Solar Plane: Making clean tech sexy, adventurous
FILE - In this June 17, 2013 file photo, Andre Borschberg, one of two pilots of the Solar Impulse plane is interviewed by a reporter on a ladder as he sits inside the cockpit of the solar powered plane during a media availability at the Smithsonian National Air and Space Museums Steven F. Udvar-Hazy Center at Washington Dulles International Airport in Chantilly, Va. The spindly no-fuel plane called Solar Impulse is scheduled to leave Washington Saturday early in the morning and arrive after midnight at New York's John F. Kennedy International Airport. It may silently buzz the Statue of Liberty on the way. The plane started its cross-country journey May 3 from San Francisco. (AP Photo/Jacquelyn Martin, File)
FILE - This May 22, 2013 file photo shows the Solar Impulse, piloted by André Borschberg, taking flight, at dawn, from Sky Harbor International Airport in Phoenix. The spindly no-fuel plane called Solar Impulse is scheduled to leave Washington Saturday early in the morning and arrive after midnight at New York's John F. Kennedy International Airport. It may silently buzz the Statue of Liberty on the way. The plane started its cross-country journey May 3 from San Francisco. (AP Photo/Matt York)
In noisy, energetic New York City, the pilots of a spindly plane that looks more toy than jet hope to grab attention in a surprising way: By being silent and consuming little energy.
This revolutionary solar-powered plane is about to end a slow and symbolic journey across America by quietly buzzing by the Statue of Liberty and landing in a city whose buildings often obscure the power-giving sun. The plane’s top speed of 45 mph is so pokey, it would earn honks on the New Jersey Turnpike.
The plane is called Solar Impulse. And it plans to leave Washington, D.C., on a commuter-like hop tomorrow, depending on the weather. The journey will take hours and it offers none of the most basic comforts of flying.
But that’s okay. The aircraft’s creators say its purpose really has little to do with flying.
They view themselves as green pioneers – promoting lighter materials, solar-powered batteries, and conservation as sexy and adventurous. Theirs is the high-flying equivalent of the Tesla electric sports car. They want people to feel a thrill while saving the planet. Think Charles Lindbergh meets Rachel Carson.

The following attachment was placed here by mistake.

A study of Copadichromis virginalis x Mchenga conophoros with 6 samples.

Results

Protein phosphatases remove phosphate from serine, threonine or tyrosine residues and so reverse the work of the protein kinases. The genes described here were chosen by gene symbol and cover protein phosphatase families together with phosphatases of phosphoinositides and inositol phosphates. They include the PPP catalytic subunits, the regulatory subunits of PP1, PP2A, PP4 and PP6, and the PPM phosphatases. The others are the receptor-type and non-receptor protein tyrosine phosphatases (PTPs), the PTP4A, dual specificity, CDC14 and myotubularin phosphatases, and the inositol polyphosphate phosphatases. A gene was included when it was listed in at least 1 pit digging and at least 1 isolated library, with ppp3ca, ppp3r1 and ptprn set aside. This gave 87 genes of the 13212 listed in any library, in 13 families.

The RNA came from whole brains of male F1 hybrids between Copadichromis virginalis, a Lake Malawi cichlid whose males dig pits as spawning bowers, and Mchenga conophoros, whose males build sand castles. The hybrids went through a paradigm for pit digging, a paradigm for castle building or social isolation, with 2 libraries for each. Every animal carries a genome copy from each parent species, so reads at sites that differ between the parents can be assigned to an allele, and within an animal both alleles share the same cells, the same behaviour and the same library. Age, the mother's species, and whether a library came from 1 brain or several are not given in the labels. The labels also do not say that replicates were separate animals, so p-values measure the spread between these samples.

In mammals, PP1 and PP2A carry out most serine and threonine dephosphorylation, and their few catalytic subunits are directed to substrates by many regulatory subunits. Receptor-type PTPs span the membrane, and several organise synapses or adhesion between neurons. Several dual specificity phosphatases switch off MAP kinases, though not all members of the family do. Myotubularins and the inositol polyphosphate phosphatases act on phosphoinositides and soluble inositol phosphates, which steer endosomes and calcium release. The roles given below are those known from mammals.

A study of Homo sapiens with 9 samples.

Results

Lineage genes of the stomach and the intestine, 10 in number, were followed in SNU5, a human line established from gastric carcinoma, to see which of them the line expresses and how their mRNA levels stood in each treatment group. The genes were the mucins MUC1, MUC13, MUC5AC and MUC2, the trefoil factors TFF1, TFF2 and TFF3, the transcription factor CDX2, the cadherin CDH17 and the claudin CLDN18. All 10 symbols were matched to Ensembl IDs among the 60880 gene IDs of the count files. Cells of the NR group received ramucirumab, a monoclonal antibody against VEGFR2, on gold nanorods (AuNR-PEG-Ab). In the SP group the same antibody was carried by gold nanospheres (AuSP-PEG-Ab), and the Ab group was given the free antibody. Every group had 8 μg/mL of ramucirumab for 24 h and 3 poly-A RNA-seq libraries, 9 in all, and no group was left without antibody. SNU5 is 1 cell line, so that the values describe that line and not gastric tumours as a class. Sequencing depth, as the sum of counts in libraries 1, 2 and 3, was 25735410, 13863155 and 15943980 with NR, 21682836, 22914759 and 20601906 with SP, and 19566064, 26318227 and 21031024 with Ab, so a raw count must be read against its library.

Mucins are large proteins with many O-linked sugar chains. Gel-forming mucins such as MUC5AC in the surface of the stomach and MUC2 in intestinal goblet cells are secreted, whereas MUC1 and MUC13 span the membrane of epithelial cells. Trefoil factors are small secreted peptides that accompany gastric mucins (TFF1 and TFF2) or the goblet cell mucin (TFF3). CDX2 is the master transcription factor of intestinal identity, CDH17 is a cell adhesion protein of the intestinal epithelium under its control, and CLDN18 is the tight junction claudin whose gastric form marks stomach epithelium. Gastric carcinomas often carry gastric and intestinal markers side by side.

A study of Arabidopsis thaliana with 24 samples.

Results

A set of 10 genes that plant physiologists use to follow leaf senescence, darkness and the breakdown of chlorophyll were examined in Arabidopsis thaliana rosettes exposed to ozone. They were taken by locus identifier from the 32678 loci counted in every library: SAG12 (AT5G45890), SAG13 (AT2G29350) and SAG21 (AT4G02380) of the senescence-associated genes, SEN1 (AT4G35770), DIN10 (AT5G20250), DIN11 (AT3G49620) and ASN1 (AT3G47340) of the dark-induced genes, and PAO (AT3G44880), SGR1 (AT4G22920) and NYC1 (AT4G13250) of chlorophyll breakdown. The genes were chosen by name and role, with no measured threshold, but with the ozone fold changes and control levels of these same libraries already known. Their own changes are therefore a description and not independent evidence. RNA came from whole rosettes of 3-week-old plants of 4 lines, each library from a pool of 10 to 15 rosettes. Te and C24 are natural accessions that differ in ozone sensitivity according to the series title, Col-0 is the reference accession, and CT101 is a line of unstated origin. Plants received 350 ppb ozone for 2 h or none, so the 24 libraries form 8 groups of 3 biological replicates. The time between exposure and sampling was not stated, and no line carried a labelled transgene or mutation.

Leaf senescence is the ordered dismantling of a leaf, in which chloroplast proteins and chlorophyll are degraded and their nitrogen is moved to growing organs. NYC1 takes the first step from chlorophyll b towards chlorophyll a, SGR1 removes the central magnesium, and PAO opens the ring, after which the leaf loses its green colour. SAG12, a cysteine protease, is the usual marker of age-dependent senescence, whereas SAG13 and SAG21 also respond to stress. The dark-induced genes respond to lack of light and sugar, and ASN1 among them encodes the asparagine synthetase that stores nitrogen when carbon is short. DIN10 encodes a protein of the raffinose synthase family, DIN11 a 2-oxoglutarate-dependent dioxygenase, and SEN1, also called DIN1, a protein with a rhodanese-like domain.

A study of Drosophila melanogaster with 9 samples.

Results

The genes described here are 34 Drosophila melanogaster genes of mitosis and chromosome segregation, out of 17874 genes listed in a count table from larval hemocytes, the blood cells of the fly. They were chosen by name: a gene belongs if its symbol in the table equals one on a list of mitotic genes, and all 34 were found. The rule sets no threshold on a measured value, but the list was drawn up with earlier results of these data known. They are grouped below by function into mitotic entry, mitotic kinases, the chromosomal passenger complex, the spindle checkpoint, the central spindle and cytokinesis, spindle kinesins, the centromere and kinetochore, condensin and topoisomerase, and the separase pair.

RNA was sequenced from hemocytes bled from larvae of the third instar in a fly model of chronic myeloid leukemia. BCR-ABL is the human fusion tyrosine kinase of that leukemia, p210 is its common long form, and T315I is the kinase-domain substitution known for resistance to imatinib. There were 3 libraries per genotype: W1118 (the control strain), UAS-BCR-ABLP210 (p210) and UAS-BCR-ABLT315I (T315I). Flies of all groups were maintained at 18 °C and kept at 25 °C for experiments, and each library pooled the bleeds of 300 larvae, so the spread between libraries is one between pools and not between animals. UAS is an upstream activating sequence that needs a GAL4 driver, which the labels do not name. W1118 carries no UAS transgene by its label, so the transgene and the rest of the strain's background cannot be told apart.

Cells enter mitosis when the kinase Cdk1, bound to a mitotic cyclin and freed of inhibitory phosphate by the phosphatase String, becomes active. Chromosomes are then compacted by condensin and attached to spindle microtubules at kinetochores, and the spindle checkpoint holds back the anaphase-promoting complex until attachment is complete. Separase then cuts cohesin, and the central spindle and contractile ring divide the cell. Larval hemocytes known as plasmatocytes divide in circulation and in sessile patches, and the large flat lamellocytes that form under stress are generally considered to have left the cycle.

And if there’s one person who knows about adventure and what it means to Earth, it’s Bertrand Piccard.
He’s one of the two pilots who take turns flying Solar Impulse. His grandfather was the first man to see the curve of the Earth as a pioneering high-altitude balloon flier more than 80 years ago. His father more than half a century ago first took a submarine to the deepest and most inaccessible ocean trench on Earth.
And now in the 21st century, Piccard said there’s no truly new place on Earth for explorers to pioneer. At 55, he’s tried.
He already was the first person to fly around the world nonstop in a balloon, but that wasn’t really enough. So Piccard found a way to explore by looking inward and acting globally.
“It’s an exploration of new ways of thinking,” said Piccard, who is also a psychiatrist. “It’s important to understand that pioneering is not only what you do. It’s how you think. It’s a state of mind more than action.”
For him, there was no better cause than clean technology.
“After a conquest of the planet, the 21st century should be about improving the quality of life,” Piccard said. And the lightweight beanpole that’s called Solar Impulse “is something spectacular in order to capture the attention of the people. If you make a solar bicycle to drive, nobody would care. If you make a solar plane, everybody cares. Everybody wants to see it.’ ”
Europe saw it first with a test flight from Switzerland and Spain to Morocco last year. This year’s U.S. flight is another trial run that’s really preparation for a 2015 around-the-world trip with an upgraded version of the plane. Solar Impulse has been to San Francisco, Phoenix, Dallas, St. Louis, Cincinnati and Washington, D.C. All that’s left is New York’s JFK Airport, and Piccard talked about having to wait his turn to land with all the big jets.
“We’re flying the most extraordinary airplane in the world,” Piccard said.
Although it’s promoted as solar-powered, what really pushes the envelope with this plane is its miserly energy efficiency, said Solar Impulse CEO Andre Borschberg, the plane’s other pilot.
Parts of its wings are three times lighter than paper. Its one-person cockpit is beyond tiny.
Most of the 11,000 solar cells are on the super-long wings that seem to stretch as far as a jumbo jet’s. It weighs about the same as a small car, and soars at 30,000 feet with what is essentially the power of a small motorized scooter. When it landed at Dulles International Airport in suburban Washington, D.C., after midnight June 15, its wings were lit with 16 LED lights that used less power than two 100-watt bulbs.
“We can use much less energy than we use today without the sacrifice,” Borschberg said. “And that’s really important.”
People won’t sacrifice to save energy or the planet, but if they are smart they don’t have to, Borschberg said. That’s why he and Piccard pointedly talk about “clean technologies” not “green technologies.” They think “green” has the image of sacrifice.